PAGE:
June 15th, 2024

New technology helping save lives in Lethbridge

By Lethbridge Herald on January 11, 2023.

Herald photo by Al Beeber Emergency Medical Services Operations Officer Mike Humphrey, left, talks about the CaseReview system being used by LFES at the downtown fire station on Wednesday.

Al Beeber – LETHBRIDGE HERALD – abeeber@lethbridgeherald.com

Lethbridge Fire and Emergency Services has implemented new protocols that are saving the lives of cardiac patients.

A cardiac monitoring system called CaseReview that was purchased along with new cardiac monitors in 2020 has increased the number of cardiac patients resuscitated by LFES crews arriving at the hospital with a pulse, to 90 per cent.

Before the CaseReview software program was utilized, only 50 per cent of patients arrived at hospital with a pulse.

Mike Humphrey, EMS operations officer, said Wednesday that CaseReview enables crews to monitor patients and provide trends to create guidelines to see patients have the best possible outcome after cardiac arrest.

His meeting with media came just after he and a crew did a review of a morning case which Humphrey said didn’t have a good outcome.

CaseReview enables EMS crews to play back events and analyze what they did right and what could be improved, giving them confidence in their approaches to dealing with cardiac patients, said Humphrey.

The Lethbridge department is one of the few in Alberta using the system, and its protocols were developed with Alberta Health Services.

“We record and are able to play back in real time all the events,” said Humphrey after crews went over the morning’s call.

He said the lessons learned from evaluating an event could be applied by crews later on in a shift.

“That’s really the advantage to being able to capture all this data – that we can learn in real time” for next time, he said.

Crews have so far captured more than 200 events with CaseReview, he said.

“Medical science is very clear on what we need to happen but the art form is when should we do the intervention, what can wait to get to the hospital, what can wait to get to an ambulance…so our members can intervene with confidence that they’re doing the right thing at the right time,” said Humphrey.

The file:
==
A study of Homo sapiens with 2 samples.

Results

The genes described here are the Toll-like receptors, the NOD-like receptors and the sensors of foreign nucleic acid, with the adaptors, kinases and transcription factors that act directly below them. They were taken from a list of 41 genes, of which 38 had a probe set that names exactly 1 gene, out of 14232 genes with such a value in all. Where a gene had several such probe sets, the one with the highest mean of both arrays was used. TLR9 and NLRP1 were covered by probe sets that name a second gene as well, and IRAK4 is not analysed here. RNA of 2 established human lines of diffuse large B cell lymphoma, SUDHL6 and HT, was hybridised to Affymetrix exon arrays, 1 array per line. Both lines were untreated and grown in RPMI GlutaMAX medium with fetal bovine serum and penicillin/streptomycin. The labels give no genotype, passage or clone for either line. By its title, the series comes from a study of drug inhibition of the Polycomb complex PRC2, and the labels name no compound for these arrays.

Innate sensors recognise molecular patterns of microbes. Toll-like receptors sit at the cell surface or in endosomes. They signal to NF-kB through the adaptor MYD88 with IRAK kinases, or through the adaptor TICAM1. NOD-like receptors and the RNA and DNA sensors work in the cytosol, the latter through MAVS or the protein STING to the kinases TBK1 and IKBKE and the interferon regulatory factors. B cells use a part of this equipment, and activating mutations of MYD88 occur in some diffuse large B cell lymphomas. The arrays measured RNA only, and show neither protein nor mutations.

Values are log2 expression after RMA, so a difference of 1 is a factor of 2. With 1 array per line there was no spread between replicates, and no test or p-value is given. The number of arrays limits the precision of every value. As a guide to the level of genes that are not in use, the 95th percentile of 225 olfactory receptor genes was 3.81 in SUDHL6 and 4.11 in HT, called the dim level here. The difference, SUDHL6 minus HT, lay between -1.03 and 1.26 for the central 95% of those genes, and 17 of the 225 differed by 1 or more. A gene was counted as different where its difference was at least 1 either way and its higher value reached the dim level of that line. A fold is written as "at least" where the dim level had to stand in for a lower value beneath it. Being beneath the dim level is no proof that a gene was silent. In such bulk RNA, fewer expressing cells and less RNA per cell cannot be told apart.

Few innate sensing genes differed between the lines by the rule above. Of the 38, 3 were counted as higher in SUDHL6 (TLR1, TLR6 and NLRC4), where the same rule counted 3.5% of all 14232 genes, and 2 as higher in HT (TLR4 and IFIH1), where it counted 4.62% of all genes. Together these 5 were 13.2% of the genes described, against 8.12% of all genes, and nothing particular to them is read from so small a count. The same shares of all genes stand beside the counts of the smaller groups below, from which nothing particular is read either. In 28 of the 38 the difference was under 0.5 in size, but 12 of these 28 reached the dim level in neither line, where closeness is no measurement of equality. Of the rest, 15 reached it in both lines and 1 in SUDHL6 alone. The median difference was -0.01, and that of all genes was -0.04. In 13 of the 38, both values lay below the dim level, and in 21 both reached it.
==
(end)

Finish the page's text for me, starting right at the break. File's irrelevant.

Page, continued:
One identified trend is that cardiac patients who regain a pulse have extremely low blood pressure in 50 per cent of cases. By addressing that quickly with medication, EMS crews can avoid a second cardiac arrest which improves the chance of survival.

The change has brought a treatment normally used in ICU to the first responders on scene.

A monitor keeps track of every time EMS staff do a compression and every time they provide ventilation. All vital signs are put into an intuitive program that can be replayed, said Humphrey.

Ventilation performance can also be examined, he said. C02 is also tracked which gives clues to what treatment is most appropriate.

Analyzing data allows EMS to objectively say it did everything possible to help a patient survive.

“A lot of agencies are using this as just a simple report card, how you do. What we’re doing is we’re looking at provider trends and patient trends and looking at enabling providers to make predictions on what the patient will do and intervene before they deteriorate,” said Humphrey.

“There’s not many agencies around North America doing that and we happen to be one of the first ones to adopt this technology to get better as a system.”

In a press release, AHS South Zone medical director Aaron Low commended Lethbridge EMS “for leading this innovative work through the implementation of CaseReview technology. By identifying gaps and adjusting in real-time while in the field, they have significantly improved the outcomes for patients in distress. This is a critical benefit for the individual in care and extends to their families as a result of their success.”